Despite tourism taking a huge hit over the past year, hotels were still able to bring some customers in by offering rooms as temporary offices.
For instance, flexible workspace firm Industrious expanded its coworking memberships by partnering with Wythe Hotel.
The program, called Oasis by Industrious at Wythe Hotel, provides members access to transformed hotel rooms four times a month, as well as Industrious’ other locations in the U.S.
Industrious and Wythe will share revenue made from the agreement, but future demand for this arrangement is uncertain.
“We’ve created spaces that are comfortable, safe and functional for workers while our hotel partners help bring that extra element of warmth and service,” said Anna Squires Levine, chief commercial officer at Industrious. “This ‘special sauce’ combination resulted in a really unique offering that has guests wanting to return to the spaces on a regular basis and is ultimately the best testament to the success of these partnerships.”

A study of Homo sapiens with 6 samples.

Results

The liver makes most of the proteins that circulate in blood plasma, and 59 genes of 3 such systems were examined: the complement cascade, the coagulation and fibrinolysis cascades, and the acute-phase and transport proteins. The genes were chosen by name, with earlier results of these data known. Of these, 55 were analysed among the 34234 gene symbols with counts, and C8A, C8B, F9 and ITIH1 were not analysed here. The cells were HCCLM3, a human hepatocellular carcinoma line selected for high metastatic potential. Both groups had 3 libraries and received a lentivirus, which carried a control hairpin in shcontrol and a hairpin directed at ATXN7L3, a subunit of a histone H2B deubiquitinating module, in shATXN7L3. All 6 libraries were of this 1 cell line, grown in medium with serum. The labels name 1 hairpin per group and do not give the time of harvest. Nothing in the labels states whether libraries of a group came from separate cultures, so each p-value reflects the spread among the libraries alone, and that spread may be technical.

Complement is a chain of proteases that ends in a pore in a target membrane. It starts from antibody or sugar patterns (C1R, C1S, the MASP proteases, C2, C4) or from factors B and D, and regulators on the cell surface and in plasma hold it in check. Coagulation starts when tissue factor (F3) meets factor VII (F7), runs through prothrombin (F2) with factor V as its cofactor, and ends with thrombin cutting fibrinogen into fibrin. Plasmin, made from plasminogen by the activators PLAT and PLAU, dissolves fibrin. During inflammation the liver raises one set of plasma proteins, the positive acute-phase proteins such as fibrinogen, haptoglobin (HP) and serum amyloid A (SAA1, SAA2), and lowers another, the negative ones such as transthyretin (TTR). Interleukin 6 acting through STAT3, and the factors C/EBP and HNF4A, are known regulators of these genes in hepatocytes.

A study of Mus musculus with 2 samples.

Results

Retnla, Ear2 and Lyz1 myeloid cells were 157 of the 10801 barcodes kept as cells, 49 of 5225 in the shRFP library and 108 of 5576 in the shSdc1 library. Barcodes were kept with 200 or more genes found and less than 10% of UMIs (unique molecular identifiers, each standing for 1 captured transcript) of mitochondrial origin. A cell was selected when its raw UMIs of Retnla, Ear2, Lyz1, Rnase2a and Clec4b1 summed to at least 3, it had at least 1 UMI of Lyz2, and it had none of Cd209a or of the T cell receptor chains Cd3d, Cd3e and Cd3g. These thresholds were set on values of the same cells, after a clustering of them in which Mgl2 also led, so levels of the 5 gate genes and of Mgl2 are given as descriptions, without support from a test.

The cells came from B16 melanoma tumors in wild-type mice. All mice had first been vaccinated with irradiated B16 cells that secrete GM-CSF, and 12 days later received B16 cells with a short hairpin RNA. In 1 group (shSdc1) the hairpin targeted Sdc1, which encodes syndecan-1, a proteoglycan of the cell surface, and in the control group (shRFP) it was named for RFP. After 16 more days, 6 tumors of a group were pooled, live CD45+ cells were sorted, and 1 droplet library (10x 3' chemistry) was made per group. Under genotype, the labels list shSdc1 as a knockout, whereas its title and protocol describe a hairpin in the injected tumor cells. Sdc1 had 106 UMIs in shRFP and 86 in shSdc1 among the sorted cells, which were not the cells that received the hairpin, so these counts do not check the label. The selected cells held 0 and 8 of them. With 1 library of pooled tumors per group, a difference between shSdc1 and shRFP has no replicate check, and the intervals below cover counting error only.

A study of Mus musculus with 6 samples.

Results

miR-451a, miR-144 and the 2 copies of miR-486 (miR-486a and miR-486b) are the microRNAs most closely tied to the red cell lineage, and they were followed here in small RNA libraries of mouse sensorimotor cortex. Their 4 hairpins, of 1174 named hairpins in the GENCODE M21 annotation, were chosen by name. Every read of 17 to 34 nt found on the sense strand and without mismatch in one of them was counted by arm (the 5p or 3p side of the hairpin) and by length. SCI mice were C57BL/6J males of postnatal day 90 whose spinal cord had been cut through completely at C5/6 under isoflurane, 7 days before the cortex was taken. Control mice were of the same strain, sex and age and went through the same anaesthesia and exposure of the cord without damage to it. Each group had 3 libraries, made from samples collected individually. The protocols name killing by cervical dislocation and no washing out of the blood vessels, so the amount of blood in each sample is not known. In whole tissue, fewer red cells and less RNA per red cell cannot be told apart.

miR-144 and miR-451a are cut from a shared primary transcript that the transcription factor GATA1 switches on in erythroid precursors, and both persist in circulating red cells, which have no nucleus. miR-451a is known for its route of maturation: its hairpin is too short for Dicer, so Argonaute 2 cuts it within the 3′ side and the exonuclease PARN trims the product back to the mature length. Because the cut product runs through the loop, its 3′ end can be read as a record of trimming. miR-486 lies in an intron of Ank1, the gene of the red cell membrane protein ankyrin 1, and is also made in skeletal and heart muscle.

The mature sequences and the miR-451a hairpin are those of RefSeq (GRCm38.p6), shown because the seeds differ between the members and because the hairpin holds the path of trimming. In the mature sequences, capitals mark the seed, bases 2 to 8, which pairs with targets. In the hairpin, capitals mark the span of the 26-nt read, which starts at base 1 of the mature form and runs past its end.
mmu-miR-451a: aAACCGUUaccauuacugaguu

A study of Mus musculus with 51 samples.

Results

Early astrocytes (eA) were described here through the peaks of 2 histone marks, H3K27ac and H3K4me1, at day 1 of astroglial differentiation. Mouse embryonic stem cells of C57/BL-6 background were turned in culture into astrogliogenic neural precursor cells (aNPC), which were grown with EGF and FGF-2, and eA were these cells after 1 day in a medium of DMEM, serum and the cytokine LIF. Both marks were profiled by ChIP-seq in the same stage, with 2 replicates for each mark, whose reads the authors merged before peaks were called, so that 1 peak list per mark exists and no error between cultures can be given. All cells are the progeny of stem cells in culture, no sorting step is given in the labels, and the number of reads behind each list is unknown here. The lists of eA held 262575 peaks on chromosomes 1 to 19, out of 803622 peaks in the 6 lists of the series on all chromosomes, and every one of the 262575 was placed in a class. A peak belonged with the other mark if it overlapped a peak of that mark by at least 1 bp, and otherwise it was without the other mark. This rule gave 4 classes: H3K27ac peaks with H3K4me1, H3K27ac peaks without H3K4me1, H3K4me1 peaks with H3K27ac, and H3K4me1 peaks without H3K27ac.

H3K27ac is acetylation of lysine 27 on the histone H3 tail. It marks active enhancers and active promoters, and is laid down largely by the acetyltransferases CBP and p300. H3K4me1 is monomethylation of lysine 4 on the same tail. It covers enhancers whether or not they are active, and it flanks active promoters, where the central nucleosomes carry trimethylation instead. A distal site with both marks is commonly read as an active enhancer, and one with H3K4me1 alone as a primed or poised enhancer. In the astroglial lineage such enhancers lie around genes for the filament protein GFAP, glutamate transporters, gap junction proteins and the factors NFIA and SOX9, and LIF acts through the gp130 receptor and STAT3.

While this is an ideal partnership for the hurting hotel and office industries, some experts wonder about the longevity of this business model.
“I see flexible office being a long-term viable option in the market, with work-from-hotel a likely niche industry,” said Aaron Jodka, a managing director of research and client services at Colliers International. “If hotels can partner with established, well-recognized flexible office space providers, there are opportunities for this to carve out a post-pandemic niche in the market.”